Beauty and health have been bound up together for millennia, since beauty is part of health in all kinds of medicine: Ayurvedic, Chinese, Hippocratic, etc.. In the West, this idea has long been sidelined by beauty product brands, who instead aimed to advocate only external beauty, achieved through artifice. These days this standpoint is changing, particularly thanks to naturopathy.
External beauty also predominated for a long time because complementary medicine was frowned upon, or even decried (it’s still partly the case in France, unlike in most other European countries). It was difficult for naturopathy to fit in among these types of complementary medicine as recently as 20 years ago. But over the past decade it has all changed, thanks to the arrival of millennials, social media, the increase in awareness and, of course, the results yielded. Women have fully understood that beauty is not only skin deep, and involves diet, exercise, quality sleep and self-care. So naturopathy is enjoying a real comeback, and there is an ever-increasing number of courses to train as a naturopath on offer. They are even available via French national employment agency Pôle Emploi, and there is no shortage of applicants.
The link between beauty and health has existed since Antiquity
For the Greek physicians of the time, who would be consulted to get beauty prescriptions, beauty equalled health! When examining the patient, if they had a flush of healthy colour and a glowing complexion, it meant that they were healthy on the inside. Doctors also treated patients to restore natural, healthy beauty. In its original state, true beauty is natural beauty. Without artifice, without make-up. For the Greeks, this was to remain an ideal of beauty for a very long time.
In our times, the skin still reflects a person’s state of physical and mental health, and multidisciplinary approaches have been developed to treat organic disorders. This trend towards joined-up treatments, led by the American integrative wellbeing movement, is echoed in naturopathy with treatment plans tailored to suit anyone, based on natural products, specific rituals and health-promoting physical movement (breathing, sensory gymnastics, walking, etc.).
What is naturopathy?
According to the World Health Organisation: “Naturopathy is a set of treatment methods aiming to strengthen the body’s defences by means that are considered natural and biological”. They encompass a healthy balanced diet; sufficient sleep and rest; pleasurable physical activity (preferably practised in the open air for oxygenation and to take in “prana”); the use of plants, not least adaptogenic ones; well-tolerated essential oils; homeopathy; relaxation and body-mind harmonisation practices; massages; spa treatments, etc., and, of course, natural beauty products.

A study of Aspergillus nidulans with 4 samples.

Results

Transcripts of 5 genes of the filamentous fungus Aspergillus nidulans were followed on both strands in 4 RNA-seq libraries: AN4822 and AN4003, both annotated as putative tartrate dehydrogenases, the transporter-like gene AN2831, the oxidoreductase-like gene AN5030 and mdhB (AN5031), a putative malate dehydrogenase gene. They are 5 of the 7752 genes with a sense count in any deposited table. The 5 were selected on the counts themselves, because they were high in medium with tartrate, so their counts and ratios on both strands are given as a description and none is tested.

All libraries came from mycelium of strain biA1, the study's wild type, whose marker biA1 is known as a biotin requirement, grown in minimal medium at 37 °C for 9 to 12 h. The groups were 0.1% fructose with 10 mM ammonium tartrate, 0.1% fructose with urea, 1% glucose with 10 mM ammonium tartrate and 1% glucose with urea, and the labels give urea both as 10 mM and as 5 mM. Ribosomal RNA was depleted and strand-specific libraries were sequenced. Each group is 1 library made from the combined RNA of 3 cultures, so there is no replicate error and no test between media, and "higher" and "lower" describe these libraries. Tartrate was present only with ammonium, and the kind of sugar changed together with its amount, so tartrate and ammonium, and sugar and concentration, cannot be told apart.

In other words, naturopathy offers natural body revitalisation methods, to foster an optimal gut microbiome (intestinal flora) and counter stress.
Beauty and naturopathy: the equation of all things clean?
By clean, more than anything else we mean the healthy, revitalising, radiant side of health and beauty. Far removed from obsessions and dogma, the aim is to be free, to eat and take care of oneself in a simple and most importantly enjoyable way.
The link between diet and health has also been forged since Antiquity: “Let thy food be thy medicine and medicine be thy food” said Hippocrates, the Greek physician of the 5th century BC. Naturopaths advise eating a living (but not raw-food) diet, with – and this is important – an unfettered and reconciled relationship with food. Its direct effect on the skin’s glow and state of health can be observed within a short time, as can that on general vitality levels.
In recent years, young beauty product brands in the clean and natural segment have been dispensing an increasing amount of advice on the healthy living lifestyle to their communities. Collaborations between brands and experts are all over Instagram. For example Anne-Sophie Nardy, founder of beauty product brand On The Wild Side, has co-authored a recipe book based on wild plants with Jennifer Hart-Smith, a naturopath and pastry chef (she’s the one behind Tookies, the health-conscious bakery). She has also made a series of videos with Angèle Ferreux-Maeght, the star naturopath at La Ginguette d’Angèle, and regularly invites yoga instructors, facialists, etc. to come and speak in her live sessions. Even naturopaths are setting up their own beauty product brands to link the inner with the outer, like Ma Thérapie set up by Céline Julien and Jalon Rituels set up by Victoire Eggermont.
Naturopathy, which has put diet front and centre in beauty, has without a doubt inspired other new brands like Oden with a range of plant-based oils or Freedge Beauty which produces super-fresh beauty products not unlike freshly-squeezed juices. The list is growing ever longer!
In conclusion, the holistic vision of beauty, which has been in evidence for 25 years in the USA, Asia and some European countries, is now really taking off in France. This clean beauty related to naturopathy makes it possible to take an overall body-mind approach to the self, one which is gentler and more respectful. It makes it possible to connect with your naturalness and divine essence.